Misleading headlines in research
Eric Schmidt, senior manager-marketing strategy and insights at Coca-Cola, presented research at ARF’s Re:think 2013 conference that seemed to indicate that what the AdAge article is calling “buzz” doesn’t drive short terms sales of Coca-Cola product.
Meanwhile Coca-Cola's Wendy Clark, senior VP-integrated marketing communications and capabilities, countered via another AdAge article that integrated social media – social media programs that are integrated in overall marcom efforts – can be highly effective. The research may, in isolation, be true – that “buzz” cannot be connected to short term sales lift for Coca-Cola products, but that is not what any of us are doing in social media. Wendy does go on to challenge the study pretty directly, “In beta testing with Facebook, we've been able to track closed-loop sales from site exposure to in-store purchase with very promising initial results that are above norms for what we see with other media.”
Even Eric framed up the limits of what his analysis covers, “…he cautioned against reading too much into the research, noting that it covers only buzz, not sharing, video views or other aspects of social media.”
The value of social media to marketers
I hate the term “buzz.” As the former President of the Word of Mouth Marketing Association and a guy who runs a global business applying social media to business with measurable results, I find the term one-dimensional and misleading.
What we are all doing online is expressing some form of word of mouth – and it's not all created equal. When someone authentically recommends or relates something positive about a brand to their friends, family and social connections online and off, that is a powerful and trusted source that affects people’s opinion and their purchase behavior. Still, a customer “gushing” about great service or a great product experience online is not the same as an innocuous statement “blah, blah, blah, Coke.” The blanket term “buzz” does nothing to help our understanding of what is actually happening in social media – a range of consumer advocacy from subtle and implicit to bold and explicit recommendations.
If we simply treat online word of mouth – the very nature of social media – as just “impressions” to be counted and weighed against other impressions, we will never realize the true promise of word of mouth via social media. Word of mouth via social media delivers a scaled approach to building measurably valuable relationships with customers, activating an advocacy base that drives opinion and behavior beyond what traditional marketing alone can do and dramatically improving the efficiency of the complete marcom mix (equal or better result from equal or less investment).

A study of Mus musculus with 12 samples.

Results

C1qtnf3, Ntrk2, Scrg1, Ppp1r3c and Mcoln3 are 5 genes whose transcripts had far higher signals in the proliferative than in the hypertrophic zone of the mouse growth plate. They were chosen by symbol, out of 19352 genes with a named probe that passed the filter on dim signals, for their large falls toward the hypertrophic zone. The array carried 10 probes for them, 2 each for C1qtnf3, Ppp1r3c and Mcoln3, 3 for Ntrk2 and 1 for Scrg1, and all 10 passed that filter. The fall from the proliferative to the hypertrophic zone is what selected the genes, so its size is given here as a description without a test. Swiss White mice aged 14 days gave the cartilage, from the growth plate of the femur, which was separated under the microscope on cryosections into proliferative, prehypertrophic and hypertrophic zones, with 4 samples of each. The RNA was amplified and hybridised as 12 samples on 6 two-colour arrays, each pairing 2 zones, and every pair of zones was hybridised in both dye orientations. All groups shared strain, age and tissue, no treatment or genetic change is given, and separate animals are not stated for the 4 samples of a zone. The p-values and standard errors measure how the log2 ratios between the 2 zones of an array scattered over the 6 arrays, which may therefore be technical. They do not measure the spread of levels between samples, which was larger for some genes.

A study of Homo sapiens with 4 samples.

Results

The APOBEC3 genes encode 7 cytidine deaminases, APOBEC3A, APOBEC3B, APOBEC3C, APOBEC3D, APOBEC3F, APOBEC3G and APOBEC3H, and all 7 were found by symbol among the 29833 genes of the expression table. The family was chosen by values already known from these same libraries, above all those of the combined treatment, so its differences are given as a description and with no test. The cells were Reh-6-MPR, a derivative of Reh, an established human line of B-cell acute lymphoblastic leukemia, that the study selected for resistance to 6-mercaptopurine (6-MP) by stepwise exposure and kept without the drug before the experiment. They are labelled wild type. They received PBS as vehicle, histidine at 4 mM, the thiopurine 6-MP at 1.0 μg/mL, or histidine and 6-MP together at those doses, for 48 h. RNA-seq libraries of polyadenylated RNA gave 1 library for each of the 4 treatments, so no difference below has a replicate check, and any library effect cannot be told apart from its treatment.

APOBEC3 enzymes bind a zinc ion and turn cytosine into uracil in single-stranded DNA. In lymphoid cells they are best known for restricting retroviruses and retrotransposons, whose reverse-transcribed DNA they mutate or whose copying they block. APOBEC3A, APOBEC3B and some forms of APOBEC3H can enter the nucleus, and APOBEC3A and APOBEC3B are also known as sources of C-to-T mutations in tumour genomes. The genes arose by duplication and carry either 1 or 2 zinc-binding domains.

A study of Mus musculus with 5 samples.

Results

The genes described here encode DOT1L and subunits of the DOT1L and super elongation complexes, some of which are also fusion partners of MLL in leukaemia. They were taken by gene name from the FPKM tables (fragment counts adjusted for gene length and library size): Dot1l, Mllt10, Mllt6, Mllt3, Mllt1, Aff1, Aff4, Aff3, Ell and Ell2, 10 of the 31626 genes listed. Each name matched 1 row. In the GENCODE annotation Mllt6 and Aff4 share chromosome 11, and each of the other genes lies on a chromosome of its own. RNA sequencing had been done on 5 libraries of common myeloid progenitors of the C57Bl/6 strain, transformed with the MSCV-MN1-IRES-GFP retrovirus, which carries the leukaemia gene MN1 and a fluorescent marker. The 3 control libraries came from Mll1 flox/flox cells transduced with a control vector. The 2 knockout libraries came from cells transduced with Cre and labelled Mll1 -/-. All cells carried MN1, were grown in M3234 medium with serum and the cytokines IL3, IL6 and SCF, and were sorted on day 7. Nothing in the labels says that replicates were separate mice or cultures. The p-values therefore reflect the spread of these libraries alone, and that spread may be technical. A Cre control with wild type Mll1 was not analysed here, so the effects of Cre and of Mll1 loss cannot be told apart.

“Buzz” is almost as bad as “chatter” – two words used in the AdAge article to dumb down what is a more complex and powerful phenomena. Both words conjure up an image of clouds of white noise surrounding us like flies. That’s my friends, family and social connections you are talking about.
Integrated social media marketing does drive sales
With respect to Eric Schmidt, there are limits to the research on “buzz” as to its usefulness in guiding our use of integrated social media. It made a splash and good headlines. It heated up debate even within Coke.
Our own research via our Integrated Social Media Sales Impact Study demonstrated the correlation of social media in the mix for quick service restaurants (many of which, by the way, serve Coca-Cola products). Clearly, the value of positive word of mouth is highly affected by the product category and context. Our study showed impressive benefits of social media as part of the overall marcom mix to driving higher levels of consumption (the things you buy at QSR’s like Coke) and greater brand-relevant KPIs. It’s all here.
Much like Wendy Clark at Coca-Cola, I don’t want marketers to mis-read the headlines around this one study. The power of social media is within an integrated approach. That’s what we do here at Social@Ogilvy and what we have spent 8 years strengthening. And we have done it for many multinational marketers across categories – including our wonderful client Coca-Cola.
As we all know, ‘attribution is a bitch.’ In our lives as consumers, I think it a fool’s errand to try and zero-in on the one communication that trumped all others and inordinately drove a sale. What we will continue to do is go deeper and deeper to understand how effective social media marketing and communications integrated in a multi-channel, multi-screen consumer experience drives business results – including sales.